The provincial government has committed Rs70 million to Gandhra Hindko Academy to support and promote Hindko. This was said by Senior Minister for Local Government Inayatullah Khan on the last day of the Third International Hindko Conference at the Archives Library Hall in the city on Sunday.
Participants asked Inayatullah to set up a Hindko department at University of Peshawar and establish an authority to promote the dozen or so languages spoken in the province. They said the majority of such languages were losing ground and needed to be preserved. Inayatullah vowed to take an initiative to promote all languages as they provide a bridge for national integration.
“A society with multiple languages presents diversity and that is real beauty,” the minister said. “Diversity is life.”
Looking to the future
The main focus of the conference was to find innovative means to preserve Hindko. According to Hindkowans, their mother tongue was dying. However, the language could be preserved if future generations start speaking Hindko.
“The language was on a ventilator as it was totally ignored in the past,” Dr Samina Zahid, a professor at Khyber Medical College, told participants. “Now our children have at least started speaking it.” Five years ago, Zahid urged the KMC administration to start celebrating Hindko Day at the institute. It has now become an annual event at the college.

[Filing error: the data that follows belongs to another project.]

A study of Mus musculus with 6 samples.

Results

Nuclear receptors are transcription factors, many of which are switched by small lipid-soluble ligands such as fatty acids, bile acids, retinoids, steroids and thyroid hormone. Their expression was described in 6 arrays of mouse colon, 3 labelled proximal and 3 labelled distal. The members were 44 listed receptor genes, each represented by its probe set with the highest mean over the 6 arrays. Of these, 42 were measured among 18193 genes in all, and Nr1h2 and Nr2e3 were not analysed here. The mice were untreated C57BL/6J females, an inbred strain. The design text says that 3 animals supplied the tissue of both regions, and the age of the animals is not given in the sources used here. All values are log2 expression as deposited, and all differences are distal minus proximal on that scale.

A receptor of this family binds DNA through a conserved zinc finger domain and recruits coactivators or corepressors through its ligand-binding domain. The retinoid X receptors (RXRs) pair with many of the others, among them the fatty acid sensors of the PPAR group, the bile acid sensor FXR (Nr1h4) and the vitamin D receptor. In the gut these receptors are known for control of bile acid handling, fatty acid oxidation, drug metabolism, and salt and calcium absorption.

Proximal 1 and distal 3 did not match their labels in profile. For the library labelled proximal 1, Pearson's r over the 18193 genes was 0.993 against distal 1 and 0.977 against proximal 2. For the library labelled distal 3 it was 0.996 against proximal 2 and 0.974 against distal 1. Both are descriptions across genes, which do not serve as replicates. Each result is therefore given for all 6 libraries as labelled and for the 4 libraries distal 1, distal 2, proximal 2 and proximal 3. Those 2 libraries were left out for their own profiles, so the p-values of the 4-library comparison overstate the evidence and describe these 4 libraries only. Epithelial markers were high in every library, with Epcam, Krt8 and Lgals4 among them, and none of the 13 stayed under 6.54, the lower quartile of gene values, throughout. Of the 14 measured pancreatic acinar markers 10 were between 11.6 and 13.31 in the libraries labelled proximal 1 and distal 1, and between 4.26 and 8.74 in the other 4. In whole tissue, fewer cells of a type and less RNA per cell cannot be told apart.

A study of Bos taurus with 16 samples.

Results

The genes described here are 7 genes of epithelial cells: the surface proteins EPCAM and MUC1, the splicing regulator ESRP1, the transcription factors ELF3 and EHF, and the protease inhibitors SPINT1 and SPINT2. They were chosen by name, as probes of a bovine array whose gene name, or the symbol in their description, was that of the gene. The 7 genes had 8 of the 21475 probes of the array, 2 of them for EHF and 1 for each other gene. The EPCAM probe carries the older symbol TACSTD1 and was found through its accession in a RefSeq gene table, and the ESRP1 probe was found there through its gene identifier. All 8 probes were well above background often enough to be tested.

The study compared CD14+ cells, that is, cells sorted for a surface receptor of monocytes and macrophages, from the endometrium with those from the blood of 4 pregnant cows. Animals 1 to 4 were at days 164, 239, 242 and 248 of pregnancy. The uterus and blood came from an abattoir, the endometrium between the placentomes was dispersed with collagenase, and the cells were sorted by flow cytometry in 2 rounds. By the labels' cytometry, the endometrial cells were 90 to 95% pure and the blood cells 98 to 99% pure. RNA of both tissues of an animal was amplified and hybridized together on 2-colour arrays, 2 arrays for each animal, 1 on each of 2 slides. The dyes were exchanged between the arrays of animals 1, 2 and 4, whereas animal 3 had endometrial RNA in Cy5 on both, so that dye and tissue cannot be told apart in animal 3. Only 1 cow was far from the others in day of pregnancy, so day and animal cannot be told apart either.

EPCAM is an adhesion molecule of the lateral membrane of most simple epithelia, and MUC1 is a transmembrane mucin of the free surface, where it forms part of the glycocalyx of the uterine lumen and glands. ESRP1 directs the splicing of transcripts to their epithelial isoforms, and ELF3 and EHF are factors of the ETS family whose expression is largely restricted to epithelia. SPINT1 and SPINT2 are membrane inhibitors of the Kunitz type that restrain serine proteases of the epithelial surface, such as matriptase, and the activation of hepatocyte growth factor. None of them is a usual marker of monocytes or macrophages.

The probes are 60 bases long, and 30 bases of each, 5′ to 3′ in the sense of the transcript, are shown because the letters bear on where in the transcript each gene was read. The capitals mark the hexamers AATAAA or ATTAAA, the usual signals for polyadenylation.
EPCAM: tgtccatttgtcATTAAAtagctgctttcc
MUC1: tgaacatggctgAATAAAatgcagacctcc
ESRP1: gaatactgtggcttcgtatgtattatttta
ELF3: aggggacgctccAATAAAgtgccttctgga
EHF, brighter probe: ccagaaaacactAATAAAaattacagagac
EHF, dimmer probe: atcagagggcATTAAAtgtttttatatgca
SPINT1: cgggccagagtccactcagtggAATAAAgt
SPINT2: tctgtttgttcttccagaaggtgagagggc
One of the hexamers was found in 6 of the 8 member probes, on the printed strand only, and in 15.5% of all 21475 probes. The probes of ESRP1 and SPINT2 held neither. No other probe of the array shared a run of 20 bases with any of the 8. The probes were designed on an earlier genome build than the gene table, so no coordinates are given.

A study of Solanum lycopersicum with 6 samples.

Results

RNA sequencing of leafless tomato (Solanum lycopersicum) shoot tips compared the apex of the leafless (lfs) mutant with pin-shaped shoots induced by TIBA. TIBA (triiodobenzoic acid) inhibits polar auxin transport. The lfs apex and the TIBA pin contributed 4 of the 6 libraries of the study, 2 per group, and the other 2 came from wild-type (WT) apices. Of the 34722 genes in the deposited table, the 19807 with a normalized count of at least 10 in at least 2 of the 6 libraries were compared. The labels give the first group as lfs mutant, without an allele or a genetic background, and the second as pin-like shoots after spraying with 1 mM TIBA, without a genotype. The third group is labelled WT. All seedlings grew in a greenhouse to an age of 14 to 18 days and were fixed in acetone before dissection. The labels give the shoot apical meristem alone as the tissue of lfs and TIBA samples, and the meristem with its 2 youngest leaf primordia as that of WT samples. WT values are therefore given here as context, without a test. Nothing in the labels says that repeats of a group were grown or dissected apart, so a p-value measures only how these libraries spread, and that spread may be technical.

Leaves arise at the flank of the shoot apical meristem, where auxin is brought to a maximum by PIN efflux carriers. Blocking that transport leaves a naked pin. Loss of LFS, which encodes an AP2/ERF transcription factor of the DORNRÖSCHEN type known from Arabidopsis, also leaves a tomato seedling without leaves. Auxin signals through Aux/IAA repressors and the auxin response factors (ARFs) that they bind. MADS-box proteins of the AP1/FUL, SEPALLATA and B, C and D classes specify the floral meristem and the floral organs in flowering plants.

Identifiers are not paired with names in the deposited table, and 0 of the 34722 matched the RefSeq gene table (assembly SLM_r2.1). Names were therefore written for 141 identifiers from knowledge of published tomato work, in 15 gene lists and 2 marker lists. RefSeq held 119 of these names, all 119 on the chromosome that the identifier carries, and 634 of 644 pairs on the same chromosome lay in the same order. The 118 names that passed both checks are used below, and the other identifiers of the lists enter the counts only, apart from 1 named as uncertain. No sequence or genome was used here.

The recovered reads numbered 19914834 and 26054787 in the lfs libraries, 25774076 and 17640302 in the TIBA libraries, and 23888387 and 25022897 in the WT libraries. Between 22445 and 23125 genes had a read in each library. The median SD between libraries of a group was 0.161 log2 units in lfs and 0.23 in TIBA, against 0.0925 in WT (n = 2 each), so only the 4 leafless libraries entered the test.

Language of yore
Hindko is spoken in various parts of K-P and is also the native tongue of a large number of people in Kashmir and Afghanistan. An Indo-Aryan language, Hindko has similarities with Hindi and Punjabi. Some scholars even consider it an offshoot of Punjabi.
However, Hindko maintained its own identity over the centuries even though other languages dominated the region. Limited attention has been paid to the grammar of the language despite the fact that is widely spoken.
Turkish linguist Dr Halil Toker formed the grammar for the language and his works were published in 2012. Tokar also focused on the phonetic and linguistic aspects of Hindko.
The language suffers the most in Peshawar as Hindkowans in the city have started giving preference to communicating in Urdu. One of the most important aspects highlighted by speakers at the conference was that Hindkowans have contributed greatly to Urdu literature.
Famous Urdu poets such as Farigh Bukhari, Patras Bukhari, Qateel Shifai, Raza Hamdani and Ahmad Faraz were all Hindko speakers. Speaking on the occasion, Khalilur Rehman, a former Khyber-Pakhtunkhwa governor and Hindkowan, told participants that the province had gone through turbulent times. As a result, little attention was paid to literature, languages, culture and heritage.
“Peshawar’s culture is gradually fading and its face has become distorted,” said Rehman. He added it was time Hindko was given due attention. The former governor urged the media to play its role in this regard.
Sands of time
During the conference, scholars also presented papers related to other languages such as Sindh, Gojri, Seraiki, Kohistani and Pahari Balochi. They explained the historical importance of the languages spoken in Pakistan.
Dr Rozi Khan Barki, a scholar, said Ormari was spoken in Waziristan. Barki said the language suffered in the region due war and uncertainty. He said a majority of people had left Konigram – a centre for the language.
According to Barki, its words can be found in Zoroastrians’ Avesta. “Words of Ormari can also be found in Herodotus’ work,” he added.
Published in The Express Tribune, November 23rd, 2015.